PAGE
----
Two new high-speed lines (HSL) to the Baltic States region were proposed here earlier: Berlin – Riga, and Warsaw – Kaunas – Riga. The old main line between Poznań and Sovetsk could be upgraded to form a third high-speed route, about 500 km long.
The proposal is to upgrade existing lines between Poznań and Sovetsk, to the standards of the German Ausbaustrecken, and add some new sections. The route is the former German main line, from Berlin to the German Memelland, via the historical territory of East Prussia. It was originally entirely inside the Reich, and Poznań and Sovetsk were then Posen and Tilsit, but it was cut by Polish territory after the First World War. The route is now entirely outside Germany, in Poland and the Russian exclave Kaliningrad Oblast. Sovetsk is now on the border with Lithuania, which annexed the Memelland in 1923.
Isolated Ostpreussen, 1926…
Most of the Poznań – Sovetsk line was opened in 1871-1873. The 290-km section from Toruń (Thorn) to Chernyakhovsk (Insterburg) built as part of Preussische Ostbahn network. The section from Poznan (Posen) to Toruń, was built separately by the Oberschlesische Eisenbahn. The 391 km section within Poland is today numbered as Polish line 353, up to the border station at Zheleznodorozhny, just inside Kaliningrad Oblast. From there, it is another 48 km to Chernyakhovsk. The 54-km line from Chernyakhovsk to Sovetsk was built in 1865, as the Tilsit-Insterburger Eisenbahn.
These lines carry freight, and regional and local passenger services. Upgrading should retain sufficient capacity for this traffic, and add enough extra capacity for fast trains, if necessary with extra tracks. Upgrading should raise the line speed (for fast trains) to around 200 km/h.
Poznań (formerly Posen, population 545 000), is on the main rail line from Berlin to Warsaw. Most high-speed services over the upgraded line would probably start in Berlin. Although the traffic flow is east-west, Poznań central station is oriented north-south, and the line from Berlin enters it from the south.
Click to enlarge…
From Poznań, the line runs 135 km north-east to Toruń (population 203 000). It crosses the Vistula here: the river is the only major natural barrier on the whole route. Toruń station is on the south bank, although the Old Town and most of the city is on the north bank. This layout allows interchange with the Warsaw – Bydgoszcz line, which runs east-west along the Vistula here.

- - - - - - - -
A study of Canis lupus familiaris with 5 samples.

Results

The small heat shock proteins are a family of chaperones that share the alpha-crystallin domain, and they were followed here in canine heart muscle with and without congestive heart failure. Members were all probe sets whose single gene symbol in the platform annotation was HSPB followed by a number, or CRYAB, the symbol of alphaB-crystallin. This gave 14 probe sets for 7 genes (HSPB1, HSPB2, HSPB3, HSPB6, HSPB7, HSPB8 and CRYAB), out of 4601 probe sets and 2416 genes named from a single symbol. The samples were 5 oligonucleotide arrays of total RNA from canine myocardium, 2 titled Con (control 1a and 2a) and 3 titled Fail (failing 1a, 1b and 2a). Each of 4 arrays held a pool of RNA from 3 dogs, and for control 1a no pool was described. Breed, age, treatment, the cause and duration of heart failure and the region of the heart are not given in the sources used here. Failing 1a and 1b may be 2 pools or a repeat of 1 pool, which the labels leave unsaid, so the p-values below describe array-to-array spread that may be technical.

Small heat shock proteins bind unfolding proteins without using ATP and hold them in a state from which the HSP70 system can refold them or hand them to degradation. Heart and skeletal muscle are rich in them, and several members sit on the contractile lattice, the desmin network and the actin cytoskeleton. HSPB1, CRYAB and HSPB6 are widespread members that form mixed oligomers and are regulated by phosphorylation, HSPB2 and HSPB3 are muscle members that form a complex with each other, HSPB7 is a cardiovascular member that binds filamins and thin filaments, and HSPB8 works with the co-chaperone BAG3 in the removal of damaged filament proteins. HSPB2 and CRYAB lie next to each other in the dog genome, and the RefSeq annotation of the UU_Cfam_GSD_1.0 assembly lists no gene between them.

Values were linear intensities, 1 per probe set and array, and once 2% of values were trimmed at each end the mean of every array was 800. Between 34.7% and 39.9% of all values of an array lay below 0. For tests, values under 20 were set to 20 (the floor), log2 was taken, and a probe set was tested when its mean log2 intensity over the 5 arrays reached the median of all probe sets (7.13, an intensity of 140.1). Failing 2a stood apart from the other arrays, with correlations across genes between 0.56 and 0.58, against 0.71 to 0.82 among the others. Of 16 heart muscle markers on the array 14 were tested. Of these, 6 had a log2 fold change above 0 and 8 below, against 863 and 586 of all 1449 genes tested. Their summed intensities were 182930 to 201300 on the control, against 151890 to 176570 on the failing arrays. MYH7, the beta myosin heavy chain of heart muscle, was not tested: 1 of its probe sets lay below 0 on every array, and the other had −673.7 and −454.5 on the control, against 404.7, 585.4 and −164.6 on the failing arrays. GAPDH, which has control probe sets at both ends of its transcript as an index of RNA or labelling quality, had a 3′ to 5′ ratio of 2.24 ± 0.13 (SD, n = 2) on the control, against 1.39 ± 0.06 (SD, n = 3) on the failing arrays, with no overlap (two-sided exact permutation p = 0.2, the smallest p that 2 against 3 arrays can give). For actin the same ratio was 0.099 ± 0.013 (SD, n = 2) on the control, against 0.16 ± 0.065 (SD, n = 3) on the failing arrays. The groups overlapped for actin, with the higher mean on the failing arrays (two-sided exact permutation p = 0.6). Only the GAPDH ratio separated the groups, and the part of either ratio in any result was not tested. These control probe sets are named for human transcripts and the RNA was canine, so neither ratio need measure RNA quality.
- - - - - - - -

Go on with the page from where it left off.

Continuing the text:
After the main Toruń station, the existing line turns north, to cross the river at right angles, and then serves the simple Miasto (Town) Station, immediately after the bridge. Rather than doubling this line, a new bridge or tunnel crossing, further east, would be simpler.
From there, it is 69 km to Olsztyn, formerly Allenstein (population 174 000). This is the regional centre for a large area, approximately the Warmian-Masurian Voivodeship with 1,4 million inhabitants. The upgraded line would connect here, with a possible new HSL from Warsaw, including a new route from Mława to Olsztyn.
67 km further, at Korsze, formerly Korschen, the line crosses the former main line from Königsberg (now Kaliningrad) to Białystok in the Russian Empire. This was one of the major lines of the former East Prussia or Ostpreussen.
The East Prussian context of Korschen junction…
The station at Korschen was a classic rural junction station – important for travellers but otherwise isolated. Despite the proposed fast inter-regional line Kaliningrad – Ełk – Białystok, there is no reason for trains on the Sovetsk route to stop here. There are alternative rail routes, for all possible interchanges. A new bypass of the station at Korsze would avoid two right-angle curves: a new south-to-west curve would allow direct Kaliningrad – Olsztyn trains. (A cut-off line from Bartoszyce via Bisztynek would however be shorter).
With a Korsze by-pass, the line Olsztyn – Chernyakhovsk would be about 135 km long. Fast inter-regional trains could serve one intermediate station at Zheleznodorozhny (formerly Gerdauen), on a reopened regional line from Kaliningrad to Masuria.
Chernyakhovsk / Черняхо́вск, formerly Insterburg, has a population of 40 000. Unlike Korsze, it is still an active rail junction (mainly for freight, with break-of-gauge). The upgrading would include a standard-gauge by-pass of the town for through services. Via the existing station, trains could access the proposed east-west HSL Kaliningrad – Kaunas – Vilnius. Passengers could also transfer to a reopened line to Ełk.
East-West HSL Kaliningrad – Vilnius…
If the line from Chernyakhovsk to Sovetsk remains at Russian gauge, parallel standard-gauge tracks would be needed, otherwise the line can be upgraded. Although it was originally single-track, the alignment is generally straight. The old exit line from the station should be restored, with a short section in tunnel. Approaching Sovetsk, trains would join the proposed Berlin – Riga HSL.
Sovetsk / Сове́тск, formerly Tilsit (population 43 000) would not be the terminus for most trains. They would continue northwards – over the HSL toward Riga, or over a new standard-gauge line to Klaipėda and Liepāja. Passengers could also change for intermediate stations, on the proposed HSL Kaunas – Šakiai – Sovetsk. The alignment through Sovetsk is straight, and there is room for expansion of the lines and station.
The line proposed here would form a second main route between Berlin and Sovetsk – as it was until the First World War. It is not a fully new line, but with upgrading for a general line speed of 200 km/h, the journey time Poznań – Sovetsk would be about 3 hours.